Measuring up: Ballot choices await Oregon businesses
PORTLAND, Ore. -- Oregon voters will have a handful of state ballot measures to decide on Nov. 6.
The defining measure this election season was to have been efforts to build a casino in Wood Village. Supporters, however, suspended their campaign last week, essentially waving a red flag.
Of the remaining seven measures, three could have an impact on businesses.
Ballot title: The Oregon Real Estate Transfer Tax Amendment
What would it do? It would amend the constitution to prohibit real estate transfer taxes, fees and other assessments save for those in effect on Dec. 31, 2009. Essentially, Measure 79 would tighten existing rules banning the transfer taxes by removing governments’ authority to impose the taxes altogether.
Pros: Could make home ownership accessible to more residents by eliminating the possibility of future extra fees. Supporters say the preemptive step would also eliminate the possibility of a “double tax” levied on home buyers.
Cons: There are actually already restrictions on real estate transfer taxes. Tightening the language could hamper counties’ ability to raise temporary funds.
Ballot Title: Oregon Estate Tax Phase-Out Initiative
What would it do? Eliminate the one-time estate tax on inherited property for estates of a certain value. It would also reduce certain other taxes on property transfers between family members.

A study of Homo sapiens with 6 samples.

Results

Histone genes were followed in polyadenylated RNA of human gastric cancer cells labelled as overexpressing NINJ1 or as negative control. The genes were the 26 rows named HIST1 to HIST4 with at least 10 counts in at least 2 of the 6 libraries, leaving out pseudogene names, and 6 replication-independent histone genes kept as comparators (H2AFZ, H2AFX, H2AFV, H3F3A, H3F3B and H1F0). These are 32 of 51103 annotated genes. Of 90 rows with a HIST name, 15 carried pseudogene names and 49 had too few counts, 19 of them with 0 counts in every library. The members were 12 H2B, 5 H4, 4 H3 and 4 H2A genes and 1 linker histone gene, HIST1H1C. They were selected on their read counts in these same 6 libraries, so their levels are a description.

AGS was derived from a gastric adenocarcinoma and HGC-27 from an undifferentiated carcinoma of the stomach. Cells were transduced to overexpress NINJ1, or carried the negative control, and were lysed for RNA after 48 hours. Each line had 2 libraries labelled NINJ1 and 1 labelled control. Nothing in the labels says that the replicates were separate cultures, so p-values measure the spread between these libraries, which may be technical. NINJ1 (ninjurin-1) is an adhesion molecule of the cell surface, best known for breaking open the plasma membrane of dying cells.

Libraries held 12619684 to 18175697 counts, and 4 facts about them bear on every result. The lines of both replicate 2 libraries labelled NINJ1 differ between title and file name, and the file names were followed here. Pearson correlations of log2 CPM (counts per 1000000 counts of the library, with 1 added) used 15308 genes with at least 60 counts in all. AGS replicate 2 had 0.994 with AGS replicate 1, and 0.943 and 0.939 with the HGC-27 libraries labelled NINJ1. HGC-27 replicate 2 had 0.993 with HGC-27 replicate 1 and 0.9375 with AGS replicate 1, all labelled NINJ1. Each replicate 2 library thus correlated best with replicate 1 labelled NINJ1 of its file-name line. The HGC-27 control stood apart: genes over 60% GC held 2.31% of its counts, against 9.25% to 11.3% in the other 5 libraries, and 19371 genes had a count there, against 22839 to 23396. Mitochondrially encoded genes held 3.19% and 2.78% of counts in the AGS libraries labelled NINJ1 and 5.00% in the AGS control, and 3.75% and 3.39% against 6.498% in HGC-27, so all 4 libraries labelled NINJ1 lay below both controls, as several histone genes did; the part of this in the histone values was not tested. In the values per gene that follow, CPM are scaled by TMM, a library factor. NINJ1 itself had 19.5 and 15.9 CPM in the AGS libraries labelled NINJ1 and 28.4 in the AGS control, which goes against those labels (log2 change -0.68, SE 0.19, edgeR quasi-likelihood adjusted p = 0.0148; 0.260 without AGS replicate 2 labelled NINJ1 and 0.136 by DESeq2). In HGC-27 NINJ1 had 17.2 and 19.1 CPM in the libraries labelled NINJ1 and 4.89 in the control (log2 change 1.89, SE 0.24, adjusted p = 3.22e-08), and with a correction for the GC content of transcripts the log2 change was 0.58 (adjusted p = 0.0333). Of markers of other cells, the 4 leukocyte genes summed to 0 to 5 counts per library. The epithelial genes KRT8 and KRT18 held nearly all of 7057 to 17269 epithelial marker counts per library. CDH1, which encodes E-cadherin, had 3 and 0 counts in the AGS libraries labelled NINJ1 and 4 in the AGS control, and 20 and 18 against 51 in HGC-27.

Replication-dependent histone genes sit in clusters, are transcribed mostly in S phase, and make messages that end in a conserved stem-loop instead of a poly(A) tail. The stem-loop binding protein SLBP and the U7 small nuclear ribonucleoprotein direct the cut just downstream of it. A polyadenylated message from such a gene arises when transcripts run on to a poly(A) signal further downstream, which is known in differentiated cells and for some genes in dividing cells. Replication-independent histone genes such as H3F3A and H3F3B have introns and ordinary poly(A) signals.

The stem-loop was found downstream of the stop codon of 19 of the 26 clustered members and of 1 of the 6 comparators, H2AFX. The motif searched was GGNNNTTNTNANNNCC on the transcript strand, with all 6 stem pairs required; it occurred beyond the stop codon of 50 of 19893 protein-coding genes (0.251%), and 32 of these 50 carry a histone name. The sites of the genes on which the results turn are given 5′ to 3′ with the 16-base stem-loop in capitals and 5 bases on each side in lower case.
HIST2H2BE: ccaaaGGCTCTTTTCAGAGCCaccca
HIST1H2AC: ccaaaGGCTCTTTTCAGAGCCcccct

Pros: Those who inherit assets from someone worth more than $1 million would forego paying the required 10 percent to 16 percent estate tax required. It would affect approximately 1,000 estates each year.
Cons: Would reduce the state’s revenue.
Ballot title: Oregon Corporate Tax “Kicker” Funds for Education Initiative
What would it do? Allocates Oregon’s corporate income/excise tax “kicker” refund to fund K-12 public education. The kicker provides refunds to businesses when the state’s revenue exceeds estimates by 2 percent or more.
Pros: Oregon’s public education system would receive badly needed funds.
Cons: Would redirect money that businesses could otherwise use for expansions or other improvements.
(Subscribers to the Business Journal can read complete coverage of the Portland City Council race, the mayoral contest and campaign fundraising in the current issue.)